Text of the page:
I would ask them for an offer and see what they are thinking.
Assuming you only get paid when they use you, I would charge significantly more for consulting than I would for an employee type position. Roughly double because:
A consultant picks up all their own overhead (insurance, retirement, etc.).
An consultant that only gets paid when needed has zero guarantee of income.
If you are "on call" and have to respond quickly when called, then you're free time is not truly free time as you must remain "ready" at that time.
The company saves by not having to pay the employee overhead (which can be huge).
The company gets the benefit of having your known/reliable services when they need them, but only having to pay when they use you. If they had to keep an employee or had to go scout out a new consultant every time they needed work done, it would cost them a lot more.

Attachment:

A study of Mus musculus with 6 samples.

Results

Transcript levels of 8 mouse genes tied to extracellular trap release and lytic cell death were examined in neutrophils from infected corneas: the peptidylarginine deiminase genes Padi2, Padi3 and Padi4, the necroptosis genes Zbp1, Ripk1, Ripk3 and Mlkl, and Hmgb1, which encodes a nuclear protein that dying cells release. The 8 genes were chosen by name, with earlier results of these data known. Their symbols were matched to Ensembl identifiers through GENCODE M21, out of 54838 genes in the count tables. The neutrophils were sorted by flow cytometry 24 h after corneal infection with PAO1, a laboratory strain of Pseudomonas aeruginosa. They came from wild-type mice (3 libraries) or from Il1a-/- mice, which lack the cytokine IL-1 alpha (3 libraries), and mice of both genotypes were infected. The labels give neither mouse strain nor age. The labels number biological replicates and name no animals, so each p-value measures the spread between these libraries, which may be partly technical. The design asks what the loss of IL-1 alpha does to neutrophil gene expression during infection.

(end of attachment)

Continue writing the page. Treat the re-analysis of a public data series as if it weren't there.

Bottom line, companies pay consultants more per hour than employees because consultants are taking all the financial risks and need to stay in business when times are slow to be available to companies when those companies want/need them. The hourly rate is more but it costs the employer much less to use consultants for sporadic work. Everyone wins.
If this is more like a part time job with a guaranteed amount of work, then I would probably charge 25% more than I would as an employee. They're still getting the benefit of not having to pay overhead and the fact that you don't "need" the insurance does not mean your hour is not worth that amount of money. It just means you must maintain a full time position in order to be able to offer them the services they want.
One caveat - if you really want to break into consulting and you think this will help you and they won't pay the rate you want, you might lower the rate to get your foot in the door. But only if you see this position actually helping you get other consulting clients.